Wherever you live, know your Bill of Rights

BRATTLEBORO — What makes a town tick with the peaceful regularity of a living room chime? Safety.

Everyone wants to feel safe in his or her daily activities. While small towns are not immune from crime, racism, disaster, and disturbances, our town of Brattleboro benefits from having a friendly and responsive fire department, and a police department whose officers treat our community with courtesy, professionalism, and respect.

In urban areas, a higher percentage of inner city tensions can disrupt the peaceful relationship between the community and police. The contrast between a small town and large city when citizens have to deal with unexpected police encounters is vividly shown in a 40-minute film, 10 Rules for Dealing with Police.

Produced by Flex Your Rights, an educational nonprofit organization based in Washington, D.C., this film is shown around the country to educate the public about how basic Bill of Rights protections apply during encounters with law enforcement. The constitutional legal rights described in the film are important for all Americans to be aware of.

The people portrayed are largely people of color, and the film is geared to inner city events. However, the “10 Rules” apply in small towns as well. Scenes in the film depict racial profiling, car stops, and car and home searches. The emotional stress and strain that divides the inner city community and their police is disturbing.

With our local police force focused on the safety and well-being of our community, we are lucky to have few of the incidents portrayed in the film happen here. Nevertheless, the enumeration of our constitutional protections from search and seizure without due process of law make this film worth watching.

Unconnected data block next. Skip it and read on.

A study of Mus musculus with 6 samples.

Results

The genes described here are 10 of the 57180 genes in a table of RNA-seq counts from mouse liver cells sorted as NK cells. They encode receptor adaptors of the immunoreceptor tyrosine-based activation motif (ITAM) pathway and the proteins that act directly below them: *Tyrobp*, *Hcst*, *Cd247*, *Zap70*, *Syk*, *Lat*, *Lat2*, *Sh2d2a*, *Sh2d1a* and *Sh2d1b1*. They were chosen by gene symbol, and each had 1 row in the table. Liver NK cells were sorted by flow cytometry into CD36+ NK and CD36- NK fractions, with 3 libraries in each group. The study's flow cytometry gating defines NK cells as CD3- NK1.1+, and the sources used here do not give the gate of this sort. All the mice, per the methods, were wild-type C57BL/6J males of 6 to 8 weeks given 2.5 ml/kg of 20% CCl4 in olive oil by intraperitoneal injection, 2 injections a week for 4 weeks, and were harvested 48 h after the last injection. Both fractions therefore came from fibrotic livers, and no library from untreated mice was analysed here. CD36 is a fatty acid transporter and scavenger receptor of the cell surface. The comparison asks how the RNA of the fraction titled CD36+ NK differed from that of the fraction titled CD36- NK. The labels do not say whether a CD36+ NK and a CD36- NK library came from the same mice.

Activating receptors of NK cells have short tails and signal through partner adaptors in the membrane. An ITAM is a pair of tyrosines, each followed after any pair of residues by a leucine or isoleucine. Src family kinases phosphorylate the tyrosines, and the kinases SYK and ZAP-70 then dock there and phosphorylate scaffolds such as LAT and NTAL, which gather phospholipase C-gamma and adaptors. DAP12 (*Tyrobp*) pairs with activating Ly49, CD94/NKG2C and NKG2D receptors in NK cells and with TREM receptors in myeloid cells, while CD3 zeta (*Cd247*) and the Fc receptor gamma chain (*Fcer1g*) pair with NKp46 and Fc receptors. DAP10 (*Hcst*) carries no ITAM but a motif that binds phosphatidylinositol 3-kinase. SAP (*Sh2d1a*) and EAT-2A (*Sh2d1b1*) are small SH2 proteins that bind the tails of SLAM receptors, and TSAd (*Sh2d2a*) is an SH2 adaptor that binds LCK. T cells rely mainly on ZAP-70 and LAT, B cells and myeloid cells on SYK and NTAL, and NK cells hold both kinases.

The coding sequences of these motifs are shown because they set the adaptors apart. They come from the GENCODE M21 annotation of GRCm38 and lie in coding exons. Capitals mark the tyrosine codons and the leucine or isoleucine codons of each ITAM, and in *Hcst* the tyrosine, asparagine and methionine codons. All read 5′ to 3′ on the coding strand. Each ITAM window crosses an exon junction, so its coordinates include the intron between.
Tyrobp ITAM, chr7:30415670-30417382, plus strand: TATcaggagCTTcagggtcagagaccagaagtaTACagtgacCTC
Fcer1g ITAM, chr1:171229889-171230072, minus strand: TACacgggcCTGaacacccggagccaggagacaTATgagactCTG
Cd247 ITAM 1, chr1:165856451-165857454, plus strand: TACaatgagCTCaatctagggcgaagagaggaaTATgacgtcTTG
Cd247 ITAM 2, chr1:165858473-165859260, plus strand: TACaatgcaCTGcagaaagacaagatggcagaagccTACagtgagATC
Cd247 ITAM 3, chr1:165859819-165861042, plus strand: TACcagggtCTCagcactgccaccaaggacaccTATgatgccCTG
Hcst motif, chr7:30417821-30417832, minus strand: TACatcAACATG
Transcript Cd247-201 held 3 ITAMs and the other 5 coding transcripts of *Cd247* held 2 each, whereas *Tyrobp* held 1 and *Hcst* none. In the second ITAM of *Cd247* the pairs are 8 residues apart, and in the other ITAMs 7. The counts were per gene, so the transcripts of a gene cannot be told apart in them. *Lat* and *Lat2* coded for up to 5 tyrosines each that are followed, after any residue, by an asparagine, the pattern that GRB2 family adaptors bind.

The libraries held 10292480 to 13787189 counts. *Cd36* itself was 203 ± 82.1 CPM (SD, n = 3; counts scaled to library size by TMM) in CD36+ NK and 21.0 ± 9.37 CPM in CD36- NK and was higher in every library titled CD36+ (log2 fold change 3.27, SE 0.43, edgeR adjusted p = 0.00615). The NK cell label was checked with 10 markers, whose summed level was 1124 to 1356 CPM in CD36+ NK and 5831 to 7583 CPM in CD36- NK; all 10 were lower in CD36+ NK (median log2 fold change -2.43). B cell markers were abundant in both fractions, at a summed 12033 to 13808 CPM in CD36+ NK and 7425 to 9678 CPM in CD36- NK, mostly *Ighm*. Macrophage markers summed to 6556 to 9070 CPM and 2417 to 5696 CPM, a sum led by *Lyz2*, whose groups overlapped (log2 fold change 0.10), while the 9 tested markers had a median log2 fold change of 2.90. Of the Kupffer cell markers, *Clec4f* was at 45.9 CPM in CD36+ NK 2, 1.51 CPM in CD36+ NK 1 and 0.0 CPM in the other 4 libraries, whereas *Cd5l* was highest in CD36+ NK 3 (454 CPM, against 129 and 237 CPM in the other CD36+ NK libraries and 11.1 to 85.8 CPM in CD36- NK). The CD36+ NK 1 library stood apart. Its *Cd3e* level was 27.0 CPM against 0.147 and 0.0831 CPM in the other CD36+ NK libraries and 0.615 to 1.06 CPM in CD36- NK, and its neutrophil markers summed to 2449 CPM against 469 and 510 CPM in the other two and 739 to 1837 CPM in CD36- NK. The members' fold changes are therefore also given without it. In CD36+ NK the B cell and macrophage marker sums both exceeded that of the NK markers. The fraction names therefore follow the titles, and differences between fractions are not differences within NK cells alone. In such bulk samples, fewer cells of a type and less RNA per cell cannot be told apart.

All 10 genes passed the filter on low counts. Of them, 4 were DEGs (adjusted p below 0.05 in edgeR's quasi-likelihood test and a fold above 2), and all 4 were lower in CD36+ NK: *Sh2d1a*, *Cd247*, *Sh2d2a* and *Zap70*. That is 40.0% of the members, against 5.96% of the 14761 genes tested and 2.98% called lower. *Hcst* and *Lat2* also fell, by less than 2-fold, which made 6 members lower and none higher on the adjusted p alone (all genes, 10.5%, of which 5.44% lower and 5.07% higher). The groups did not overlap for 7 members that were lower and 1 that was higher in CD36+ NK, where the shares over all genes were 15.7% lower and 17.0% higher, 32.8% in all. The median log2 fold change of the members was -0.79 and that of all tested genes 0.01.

Narrated by the legendary trial lawyer William “Billy” Murphy Jr. (from HBO's The Wire), 10 Rules depicts people dealing with policing tactics used every day in the United States. Through extensive collaboration with victims of police abuse, legal experts, and law enforcement professionals, Flex Your Rights has developed a powerful resource that provides proven survival strategies for dealing with police encounters.

As a part of our outreach to the community, Marijuana Resolve, Inc., a nonprofit Vermont state organization, is sponsoring a showing of 10 Rules for Dealing with Police on Feb. 22, at 7 p.m., in the third-floor meeting Room at Brooks Memorial Library.

Joseph Brooks, a retired captain of the detective division for the Manchester (Conn.) Police, will introduce the film and engage the audience in a question-and-answer discussion afterward. Brooks is now a member of the speaker's bureau for Law Enforcement Against Prohibition. A social advocate from the Vermont Partnership for Fairness and Diversity will moderate the discussion period following the film.

Admission is free and open to the public.